Most Americans have never heard of Escaramuza, but for the Rivas family, it’s been a way of life for generations. Escaramuza is a feminine Mexican and North American equestrian art — a form of charrería — which blends rodeo, “horseback ballet” and speed.
Robin Rosenthal and Bill Yahraus wanted to tell the story of one family in Riverside, Calif., which is carrying on the sport of their Mexican ancestors in the U.S. Four years in the making, their documentary, “Escaramuza: Riding from the Heart,” features Las Azaleas — a team of first-generation Mexican American horsewomen on a two-year journey to represent California and the United States at the National Charro Championships in Mexico. It will air as part of PBS’ VOCES series on October 5.
Maribel Rivas Gutierrez, captain of award-winning team Las Azaleas, is daughter of champion charro Romualdo Rivas.
“I started to compete when I was 13, but I’ve been on a horse as young as I can remember,” says the 38-year-old, and oldest of the competing family of four sisters and two brothers. “My dad would take me everywhere. He was a big part of me doing what I loved back then and now. He still follows us around…He’s 71, and he still dresses up when he has to, sometimes he’s our locutor (announcer).”
She says what she loves most about Escaramuza is that it’s so family oriented. It also unites friends of all ages.
“We’re a small part of la charreria,” says Gutierrez about the art of Escaramuza. “We do a 12 exercise routine in no more than 10 minutes…We’re representing what our parents and grandparents did, and we’re trying to keep it alive.”
She says although she does sometimes wonder what she would have been if she wasn’t born into a family of charros, and around horses and livestock, she’s happy she was.
“My dad told me when I was 13, ‘If you do this, you’re going to do this 120 percent,’” says Gutierrez, who now is a mother of three boys and a girl. “It was something I chose to do, because I wanted to do it. I did it, and I never stopped.”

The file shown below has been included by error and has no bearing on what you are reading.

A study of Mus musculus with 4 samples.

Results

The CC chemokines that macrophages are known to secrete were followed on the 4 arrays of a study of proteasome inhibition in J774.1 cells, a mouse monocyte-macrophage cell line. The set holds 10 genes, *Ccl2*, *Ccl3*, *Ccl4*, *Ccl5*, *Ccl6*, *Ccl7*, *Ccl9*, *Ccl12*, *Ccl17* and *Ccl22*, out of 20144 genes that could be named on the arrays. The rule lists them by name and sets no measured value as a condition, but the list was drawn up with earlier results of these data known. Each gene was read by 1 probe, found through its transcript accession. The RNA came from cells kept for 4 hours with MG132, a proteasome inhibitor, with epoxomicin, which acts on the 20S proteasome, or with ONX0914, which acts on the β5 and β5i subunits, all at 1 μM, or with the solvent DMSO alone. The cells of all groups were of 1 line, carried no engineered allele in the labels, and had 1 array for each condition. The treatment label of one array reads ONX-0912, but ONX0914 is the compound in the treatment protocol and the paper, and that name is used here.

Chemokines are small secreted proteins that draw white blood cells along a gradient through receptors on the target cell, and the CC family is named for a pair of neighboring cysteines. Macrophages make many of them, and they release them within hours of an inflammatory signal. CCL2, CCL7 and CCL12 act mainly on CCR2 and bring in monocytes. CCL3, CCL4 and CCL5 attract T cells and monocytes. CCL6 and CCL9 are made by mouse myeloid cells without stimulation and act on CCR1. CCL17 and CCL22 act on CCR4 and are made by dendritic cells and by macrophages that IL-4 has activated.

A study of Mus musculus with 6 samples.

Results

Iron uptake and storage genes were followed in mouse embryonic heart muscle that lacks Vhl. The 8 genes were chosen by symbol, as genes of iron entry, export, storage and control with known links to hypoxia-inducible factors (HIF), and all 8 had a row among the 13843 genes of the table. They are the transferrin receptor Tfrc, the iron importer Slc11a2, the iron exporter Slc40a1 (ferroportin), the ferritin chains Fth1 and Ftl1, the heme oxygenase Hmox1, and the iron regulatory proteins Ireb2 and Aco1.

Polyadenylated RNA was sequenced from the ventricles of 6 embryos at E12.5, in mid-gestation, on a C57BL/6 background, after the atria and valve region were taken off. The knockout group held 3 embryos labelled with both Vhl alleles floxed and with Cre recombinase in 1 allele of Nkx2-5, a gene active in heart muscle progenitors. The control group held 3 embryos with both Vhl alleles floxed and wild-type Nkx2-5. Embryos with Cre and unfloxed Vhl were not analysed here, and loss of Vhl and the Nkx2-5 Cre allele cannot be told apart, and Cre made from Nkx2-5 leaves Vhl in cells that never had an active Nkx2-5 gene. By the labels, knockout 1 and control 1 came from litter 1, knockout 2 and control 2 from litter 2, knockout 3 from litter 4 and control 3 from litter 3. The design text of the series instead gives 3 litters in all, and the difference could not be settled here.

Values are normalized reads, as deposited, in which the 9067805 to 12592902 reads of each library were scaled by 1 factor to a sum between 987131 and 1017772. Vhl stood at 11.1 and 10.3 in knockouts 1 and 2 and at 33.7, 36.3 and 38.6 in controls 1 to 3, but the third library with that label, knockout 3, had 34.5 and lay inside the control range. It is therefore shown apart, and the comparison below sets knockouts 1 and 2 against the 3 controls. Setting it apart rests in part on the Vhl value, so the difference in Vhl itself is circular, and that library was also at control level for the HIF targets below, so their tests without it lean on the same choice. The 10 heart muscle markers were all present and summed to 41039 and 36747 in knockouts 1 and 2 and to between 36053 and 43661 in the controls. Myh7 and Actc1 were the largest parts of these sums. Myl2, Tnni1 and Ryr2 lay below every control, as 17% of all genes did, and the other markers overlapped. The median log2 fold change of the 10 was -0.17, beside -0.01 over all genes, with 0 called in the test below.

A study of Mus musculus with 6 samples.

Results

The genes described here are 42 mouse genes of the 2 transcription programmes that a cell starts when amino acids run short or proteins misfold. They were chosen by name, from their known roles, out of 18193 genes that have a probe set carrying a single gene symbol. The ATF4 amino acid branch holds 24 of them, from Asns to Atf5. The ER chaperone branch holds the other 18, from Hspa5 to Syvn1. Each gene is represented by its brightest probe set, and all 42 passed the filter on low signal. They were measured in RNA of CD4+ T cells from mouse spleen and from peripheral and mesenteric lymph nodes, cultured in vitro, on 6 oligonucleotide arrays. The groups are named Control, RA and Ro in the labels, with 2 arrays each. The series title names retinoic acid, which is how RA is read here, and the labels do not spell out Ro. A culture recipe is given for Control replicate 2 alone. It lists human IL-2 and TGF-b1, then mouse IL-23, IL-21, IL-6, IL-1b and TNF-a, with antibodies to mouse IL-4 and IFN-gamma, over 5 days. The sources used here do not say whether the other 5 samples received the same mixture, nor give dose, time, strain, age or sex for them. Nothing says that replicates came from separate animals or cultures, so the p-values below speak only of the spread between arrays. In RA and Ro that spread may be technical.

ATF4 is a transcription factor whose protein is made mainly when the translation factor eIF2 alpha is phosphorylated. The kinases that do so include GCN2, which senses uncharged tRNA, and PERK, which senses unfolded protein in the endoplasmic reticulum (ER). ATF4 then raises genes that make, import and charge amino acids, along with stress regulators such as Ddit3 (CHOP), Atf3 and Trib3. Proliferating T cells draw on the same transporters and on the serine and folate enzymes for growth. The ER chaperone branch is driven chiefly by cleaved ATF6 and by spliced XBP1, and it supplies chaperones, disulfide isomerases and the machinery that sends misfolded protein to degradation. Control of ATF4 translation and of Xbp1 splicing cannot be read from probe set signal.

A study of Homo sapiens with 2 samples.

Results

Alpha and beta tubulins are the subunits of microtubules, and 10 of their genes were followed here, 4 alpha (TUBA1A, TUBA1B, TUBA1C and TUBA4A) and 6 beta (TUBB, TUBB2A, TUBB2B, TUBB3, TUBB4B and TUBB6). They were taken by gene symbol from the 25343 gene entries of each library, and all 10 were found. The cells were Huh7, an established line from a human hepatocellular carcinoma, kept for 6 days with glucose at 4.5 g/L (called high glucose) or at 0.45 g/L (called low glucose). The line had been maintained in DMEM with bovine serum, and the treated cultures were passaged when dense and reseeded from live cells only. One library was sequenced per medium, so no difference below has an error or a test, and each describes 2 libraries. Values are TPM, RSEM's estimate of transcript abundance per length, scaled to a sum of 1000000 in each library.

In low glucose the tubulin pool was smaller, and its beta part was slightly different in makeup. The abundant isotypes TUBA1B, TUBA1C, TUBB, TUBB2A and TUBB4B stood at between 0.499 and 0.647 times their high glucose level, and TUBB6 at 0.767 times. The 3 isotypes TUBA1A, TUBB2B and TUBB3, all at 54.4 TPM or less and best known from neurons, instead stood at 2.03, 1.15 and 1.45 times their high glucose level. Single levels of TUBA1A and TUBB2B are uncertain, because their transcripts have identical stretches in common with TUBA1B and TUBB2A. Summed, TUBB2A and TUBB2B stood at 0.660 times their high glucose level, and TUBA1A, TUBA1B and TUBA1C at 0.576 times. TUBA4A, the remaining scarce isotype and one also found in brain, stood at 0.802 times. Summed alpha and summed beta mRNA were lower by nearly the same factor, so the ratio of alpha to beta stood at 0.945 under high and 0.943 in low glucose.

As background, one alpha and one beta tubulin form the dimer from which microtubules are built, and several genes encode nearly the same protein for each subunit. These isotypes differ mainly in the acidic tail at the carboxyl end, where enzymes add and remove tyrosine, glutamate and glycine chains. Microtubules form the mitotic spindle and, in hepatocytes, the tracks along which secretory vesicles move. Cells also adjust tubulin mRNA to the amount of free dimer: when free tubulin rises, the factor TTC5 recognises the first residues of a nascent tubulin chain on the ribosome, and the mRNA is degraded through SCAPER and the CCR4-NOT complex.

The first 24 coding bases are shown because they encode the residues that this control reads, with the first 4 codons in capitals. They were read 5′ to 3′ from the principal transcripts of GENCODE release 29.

Every year, she says, her team of eight women go through the same training process.
“We have to go through a state, regional and national competition,” says Gutierrez. “Every single year we have qualified for the nationals in Mexico…You can see the difference between the competition here and there — over there it’s like the Olympics.”
Their biggest challenge to date, she says, is they haven’t been able to take each of their eight horses, because it takes a lot of money to take them.
“The most we’ve taken is six horses, and every time there’s always something that happens,” says Gutierrez. “You’re familiar with your horse, and to have to get on a horse that they lend you in Mexico, it’s impossible, but we try to keep positive.”
Her voice quickens up, and you can almost hear her smiling, when she says that this year they’re taking all eight horses to Mexico to compete at the Nacional Zacatecas 2012 on October 30.
“This is my dream,” says Gutierrez who fundraised all year with her team in order to afford to compete in Mexico. “This year we are paying $1,600 per horse.”
She says although they don’t make a lot of money through Escaramuza, the girls do it because they love it, and they save all their winnings in order to keep competing. She says they practice twice a week for about two hours. Before a competition, their instructor will come from Mexico for four days and they will have more intensive sessions.
“Every teammate either goes to college, are pursuing their masters as therapists or teachers, they work, and they have to juggle Escaramuza with school and work,” says Gutierrez. “I don’t go to school, but I juggle my kids, and I do a lot of the costume making.”
Gutierrez says she feels truly honored that her team was chosen to be followed by cameras for two years.
“They have caught the beauty of our Mexican culture, and what the female can do for future generations,” she says. “There are Mexican-American kids out there that don’t even know this exists…that don’t even realize it’s a part of them.”